Masses march against phosphate mining

Niël Terblanché

IN a rare show of solidarity the National Union Namibian Workers (NUNW) and the Trade Union Congress of Namibia rallied more than a thousand of their members working in in the fishing industry to participate in a massive protest march through against phosphate mining on the seabed off the Namibian coast.
The mass protest at the coast occurred on the eve of an application in the High Court of Namibia where the way in which mining licences were issued to the companies that aims to develop phosphate mining projects will be challenged.
The Secretary General of the NUNW Job Muniaro and Paulus Hango, the representative of TUCNA in Walvis Bay met the marching fish factory workers at the office of the Ministry of Environment and Tourism where they highlighted the workers’ concerns about phosphate mining.
Both the unionists was united against the possibility of the mining of rock phosphate off the Namibian coast and said that it would negatively affect the marine environment and the marine resources of the country.

Video: More than a thousand people employed by the Namibian Fishing industry in Walvis Bay participated in a mass protest march against the prospect of phosphate mining off the Namibian coast. – Footage: Niel Terblanché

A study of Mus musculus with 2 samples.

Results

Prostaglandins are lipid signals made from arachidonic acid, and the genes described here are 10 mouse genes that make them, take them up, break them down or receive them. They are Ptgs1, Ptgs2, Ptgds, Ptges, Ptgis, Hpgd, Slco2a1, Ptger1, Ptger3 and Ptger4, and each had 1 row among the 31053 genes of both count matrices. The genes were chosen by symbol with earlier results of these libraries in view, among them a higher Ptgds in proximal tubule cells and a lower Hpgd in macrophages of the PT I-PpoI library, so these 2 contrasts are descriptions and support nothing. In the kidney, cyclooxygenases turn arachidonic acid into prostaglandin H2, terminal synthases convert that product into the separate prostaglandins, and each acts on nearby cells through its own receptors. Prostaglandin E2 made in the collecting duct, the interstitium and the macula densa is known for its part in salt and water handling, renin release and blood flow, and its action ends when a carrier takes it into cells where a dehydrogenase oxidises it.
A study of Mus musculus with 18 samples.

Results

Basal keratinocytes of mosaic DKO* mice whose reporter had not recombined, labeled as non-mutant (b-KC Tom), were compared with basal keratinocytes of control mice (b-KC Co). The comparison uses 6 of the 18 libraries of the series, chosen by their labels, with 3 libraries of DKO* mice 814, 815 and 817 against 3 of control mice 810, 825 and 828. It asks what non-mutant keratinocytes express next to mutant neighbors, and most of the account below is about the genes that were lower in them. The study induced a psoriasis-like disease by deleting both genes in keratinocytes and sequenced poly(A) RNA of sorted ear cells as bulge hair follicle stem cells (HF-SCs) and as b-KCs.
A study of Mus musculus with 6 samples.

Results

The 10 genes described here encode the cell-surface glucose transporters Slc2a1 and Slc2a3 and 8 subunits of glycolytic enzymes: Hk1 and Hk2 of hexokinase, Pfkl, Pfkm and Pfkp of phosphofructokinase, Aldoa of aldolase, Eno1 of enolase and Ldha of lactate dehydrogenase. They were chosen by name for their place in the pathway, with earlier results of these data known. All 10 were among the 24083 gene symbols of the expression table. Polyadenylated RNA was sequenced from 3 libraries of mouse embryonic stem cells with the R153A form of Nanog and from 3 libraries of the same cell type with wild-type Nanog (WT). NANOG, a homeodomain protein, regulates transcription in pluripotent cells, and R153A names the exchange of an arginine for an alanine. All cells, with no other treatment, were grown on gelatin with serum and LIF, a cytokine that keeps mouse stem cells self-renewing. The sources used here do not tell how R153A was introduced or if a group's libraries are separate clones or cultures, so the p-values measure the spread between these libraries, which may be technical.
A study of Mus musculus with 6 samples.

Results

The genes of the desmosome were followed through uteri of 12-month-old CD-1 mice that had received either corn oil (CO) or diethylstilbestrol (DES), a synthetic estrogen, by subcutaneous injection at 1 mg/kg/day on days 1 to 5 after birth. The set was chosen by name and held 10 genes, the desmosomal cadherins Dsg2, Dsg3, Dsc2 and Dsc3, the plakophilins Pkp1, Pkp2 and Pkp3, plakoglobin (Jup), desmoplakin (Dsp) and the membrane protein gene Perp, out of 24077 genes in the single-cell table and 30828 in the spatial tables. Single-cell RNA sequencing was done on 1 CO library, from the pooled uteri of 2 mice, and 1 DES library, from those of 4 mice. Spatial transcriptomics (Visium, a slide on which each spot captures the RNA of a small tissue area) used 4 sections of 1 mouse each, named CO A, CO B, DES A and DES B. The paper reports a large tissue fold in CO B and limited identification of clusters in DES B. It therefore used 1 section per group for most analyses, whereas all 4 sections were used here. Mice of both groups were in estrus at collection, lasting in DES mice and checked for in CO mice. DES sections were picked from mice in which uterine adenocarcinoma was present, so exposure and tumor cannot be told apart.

The fishing industry employs about 15 000 directly and about 30 000 more in upstream and downstream industries.
The union leaders made no secret of the fact that the workers they represent will not tolerate the destruction of the fishing industry and the industries surrounding it.
In this regard an even bigger protest march is planned for Windhoek before the application will be heard in the High Court.
Muniaro said that people have been travelling to Windhoek over night to participate in the protest march that is set to start at the NUNW complex in Katutura later this morning.
According to Muniaro the protesters from both union congresses will march on the Office of the Prime Minister where the same petition that was handed over to a the special advisor to the Erongo Regional Governor in Walvis Bay will be handed to the Prime Minister. The protestors will then march to the High Court to drive home their resistance to phosphate ming.
The chairman of the Confederation of Namibian Fishing Associations, Matti Amukwa, welcomed the protest march in Walvis Bay and said it is heart warming to see the solidarity between workers on this very important issue.
“It is wonderful to see the solidarity between the workers and their respective unions but we will unfortunately we will all have to wait for the High Court to make a ruling in the matter.”
He said message of the fishing industry cannot be mistaken orignored by the authorities.